Like all states, Maine prohibits "operating under the influence" (OUI), which is sometimes called driving "under the influence" (DUI). An OUI is defined as operating a vehicle while under the influence of intoxicants or with a blood alcohol concentration (BAC) of .08% or more.
In Maine, an OUI is generally a misdemeanor. But there are multiple ways that impaired driving can lead to felony charges. This article outlines the Maine OUI felonies and the associated penalties.
While Maine doesn't technically designate crimes as felonies or misdemeanors, any offense that carries more than a year in jail is generally considered a felony. In Maine, class A, B, and C crimes meet this criterion. Third, fourth, and aggravated OUI violations are all considered felonies.
An impaired driver can be charged with a felony OUI if he or she has two prior OUI convictions within the last ten years. A third offense OUI is a class C crime and carries $1,100 to $5,000 in fines, 30 days to five years in jail, a six-year license suspension, and revocation of vehicle registration. However, a restricted ignition interlock device (IID) license may be available to the offender.
A fourth offense in ten years will also be a class C crime and carries a fine of $2,100 to $5,000, six months to five years in jail, an eight-year license suspension, and revoked vehicle registration.
Finally, an OUI can be charged as a felony if a person suffered bodily injury or death. An injury OUI is a class C crime and carries $2,100 to $5,000 in fines, six months to five years in jail, and a six-year license suspension. OUIs involving deaths are class B crimes and carry $2,100 to $20,000 in fines, six months to ten years in jail, and a ten-year license suspension.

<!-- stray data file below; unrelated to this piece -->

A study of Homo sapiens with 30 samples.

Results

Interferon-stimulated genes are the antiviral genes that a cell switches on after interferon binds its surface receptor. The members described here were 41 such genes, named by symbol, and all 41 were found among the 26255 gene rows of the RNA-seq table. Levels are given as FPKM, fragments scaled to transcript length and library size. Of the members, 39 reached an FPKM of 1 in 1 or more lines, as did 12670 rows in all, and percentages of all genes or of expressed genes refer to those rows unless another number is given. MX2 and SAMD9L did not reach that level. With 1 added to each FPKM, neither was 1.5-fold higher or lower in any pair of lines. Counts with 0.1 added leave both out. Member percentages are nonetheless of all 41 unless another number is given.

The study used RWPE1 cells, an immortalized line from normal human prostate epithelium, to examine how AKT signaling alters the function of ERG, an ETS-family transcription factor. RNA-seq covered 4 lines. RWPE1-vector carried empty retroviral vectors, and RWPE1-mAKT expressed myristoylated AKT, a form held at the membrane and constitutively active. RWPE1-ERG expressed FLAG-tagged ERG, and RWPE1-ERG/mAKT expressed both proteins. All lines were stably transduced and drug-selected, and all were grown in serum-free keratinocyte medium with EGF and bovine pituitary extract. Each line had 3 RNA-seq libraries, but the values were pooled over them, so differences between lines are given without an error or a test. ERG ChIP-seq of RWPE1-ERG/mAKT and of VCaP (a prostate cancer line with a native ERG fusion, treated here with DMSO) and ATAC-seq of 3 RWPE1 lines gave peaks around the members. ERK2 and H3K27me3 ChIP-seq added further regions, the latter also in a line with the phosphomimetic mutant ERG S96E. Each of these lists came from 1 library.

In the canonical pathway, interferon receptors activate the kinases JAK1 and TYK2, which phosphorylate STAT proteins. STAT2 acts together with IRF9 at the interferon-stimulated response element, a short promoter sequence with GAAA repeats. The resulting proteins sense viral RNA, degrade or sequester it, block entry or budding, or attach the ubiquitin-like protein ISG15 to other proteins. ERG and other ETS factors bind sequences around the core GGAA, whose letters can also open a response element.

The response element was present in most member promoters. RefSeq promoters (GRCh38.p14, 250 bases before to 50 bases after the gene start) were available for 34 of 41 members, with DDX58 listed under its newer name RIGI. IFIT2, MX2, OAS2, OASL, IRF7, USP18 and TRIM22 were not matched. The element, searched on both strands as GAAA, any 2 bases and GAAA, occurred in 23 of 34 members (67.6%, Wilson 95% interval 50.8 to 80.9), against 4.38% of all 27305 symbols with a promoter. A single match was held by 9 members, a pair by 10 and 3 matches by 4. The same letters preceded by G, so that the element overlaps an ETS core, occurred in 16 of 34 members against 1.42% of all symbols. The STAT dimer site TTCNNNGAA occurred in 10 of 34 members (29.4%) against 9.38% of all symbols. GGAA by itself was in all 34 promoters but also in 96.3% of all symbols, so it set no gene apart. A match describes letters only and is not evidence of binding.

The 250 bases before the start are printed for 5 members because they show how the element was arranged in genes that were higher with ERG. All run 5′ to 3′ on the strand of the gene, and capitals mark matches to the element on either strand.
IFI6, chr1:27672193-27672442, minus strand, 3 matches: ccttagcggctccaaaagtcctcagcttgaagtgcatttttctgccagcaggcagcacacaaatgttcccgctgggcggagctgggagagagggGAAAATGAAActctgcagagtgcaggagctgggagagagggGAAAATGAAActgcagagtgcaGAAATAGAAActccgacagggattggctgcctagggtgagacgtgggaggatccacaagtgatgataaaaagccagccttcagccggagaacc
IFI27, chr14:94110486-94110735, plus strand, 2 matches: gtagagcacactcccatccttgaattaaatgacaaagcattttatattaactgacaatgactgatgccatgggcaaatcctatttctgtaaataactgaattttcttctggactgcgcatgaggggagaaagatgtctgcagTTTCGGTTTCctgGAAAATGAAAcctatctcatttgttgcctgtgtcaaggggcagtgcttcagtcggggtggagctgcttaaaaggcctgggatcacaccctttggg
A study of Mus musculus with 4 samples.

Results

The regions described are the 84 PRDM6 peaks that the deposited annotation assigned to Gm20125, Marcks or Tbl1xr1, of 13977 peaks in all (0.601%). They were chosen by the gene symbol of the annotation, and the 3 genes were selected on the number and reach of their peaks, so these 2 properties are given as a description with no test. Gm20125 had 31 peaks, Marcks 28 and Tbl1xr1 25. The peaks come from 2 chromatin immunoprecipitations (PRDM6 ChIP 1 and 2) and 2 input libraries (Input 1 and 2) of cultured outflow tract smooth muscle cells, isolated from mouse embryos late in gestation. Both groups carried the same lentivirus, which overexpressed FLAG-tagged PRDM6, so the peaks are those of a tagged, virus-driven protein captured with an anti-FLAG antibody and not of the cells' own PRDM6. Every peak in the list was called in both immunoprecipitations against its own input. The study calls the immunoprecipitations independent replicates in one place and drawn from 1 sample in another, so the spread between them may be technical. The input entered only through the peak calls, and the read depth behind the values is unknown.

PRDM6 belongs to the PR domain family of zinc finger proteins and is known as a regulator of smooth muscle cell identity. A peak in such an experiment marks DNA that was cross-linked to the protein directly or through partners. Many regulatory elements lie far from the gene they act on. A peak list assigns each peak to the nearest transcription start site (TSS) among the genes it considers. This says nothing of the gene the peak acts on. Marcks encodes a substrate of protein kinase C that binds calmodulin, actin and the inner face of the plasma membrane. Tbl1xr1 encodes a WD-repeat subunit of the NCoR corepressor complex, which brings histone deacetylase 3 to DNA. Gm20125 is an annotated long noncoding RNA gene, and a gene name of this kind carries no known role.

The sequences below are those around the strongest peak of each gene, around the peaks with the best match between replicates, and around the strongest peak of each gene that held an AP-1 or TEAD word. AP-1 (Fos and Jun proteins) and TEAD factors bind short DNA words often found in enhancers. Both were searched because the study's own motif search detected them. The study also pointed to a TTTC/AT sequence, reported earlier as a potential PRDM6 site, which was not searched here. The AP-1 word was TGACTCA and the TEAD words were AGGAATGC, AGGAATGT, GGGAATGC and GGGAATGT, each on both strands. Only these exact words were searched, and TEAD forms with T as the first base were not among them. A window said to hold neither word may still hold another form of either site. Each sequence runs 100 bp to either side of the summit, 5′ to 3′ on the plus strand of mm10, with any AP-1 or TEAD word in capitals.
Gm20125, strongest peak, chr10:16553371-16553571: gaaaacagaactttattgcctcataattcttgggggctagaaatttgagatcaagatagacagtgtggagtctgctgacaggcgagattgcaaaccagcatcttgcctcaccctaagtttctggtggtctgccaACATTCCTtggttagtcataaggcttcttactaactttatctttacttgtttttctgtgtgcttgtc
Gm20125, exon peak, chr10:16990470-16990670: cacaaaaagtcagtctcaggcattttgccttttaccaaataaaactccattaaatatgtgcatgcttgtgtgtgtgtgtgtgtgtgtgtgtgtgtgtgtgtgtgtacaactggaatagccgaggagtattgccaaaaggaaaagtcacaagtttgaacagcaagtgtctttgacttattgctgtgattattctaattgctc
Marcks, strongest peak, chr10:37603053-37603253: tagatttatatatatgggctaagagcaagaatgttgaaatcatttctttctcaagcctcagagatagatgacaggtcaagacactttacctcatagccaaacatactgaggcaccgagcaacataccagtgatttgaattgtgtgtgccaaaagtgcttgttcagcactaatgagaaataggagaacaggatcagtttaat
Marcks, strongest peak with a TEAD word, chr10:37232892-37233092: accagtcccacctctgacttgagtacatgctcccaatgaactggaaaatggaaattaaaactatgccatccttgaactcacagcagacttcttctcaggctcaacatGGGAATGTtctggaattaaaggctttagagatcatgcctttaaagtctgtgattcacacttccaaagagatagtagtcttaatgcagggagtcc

Once a person is convicted of a felony OUI or similar impaired vehicular manslaughter, any future OUI offense will be a class B crime. The offender will face $2,100 to $20,000 in fines, six months to ten years in jail, and a ten-year license suspension.
While an OUI that involves injury or death will be charged as a felony OUI, the offender can also be charged with separate felony violations. Injuring another while driving impaired can be charged as "aggravated driving to endanger." This offense is a class C crime that carries up to $5,000 in fines and a maximum five years in jail. The driver's license will also be suspended for 180 days to two years.
An impaired driver who causes a fatality can be charged with class A manslaughter. This offense carries up to $50,000 in fines and up to 30 years in prison. The driver's license will be permanently revoked.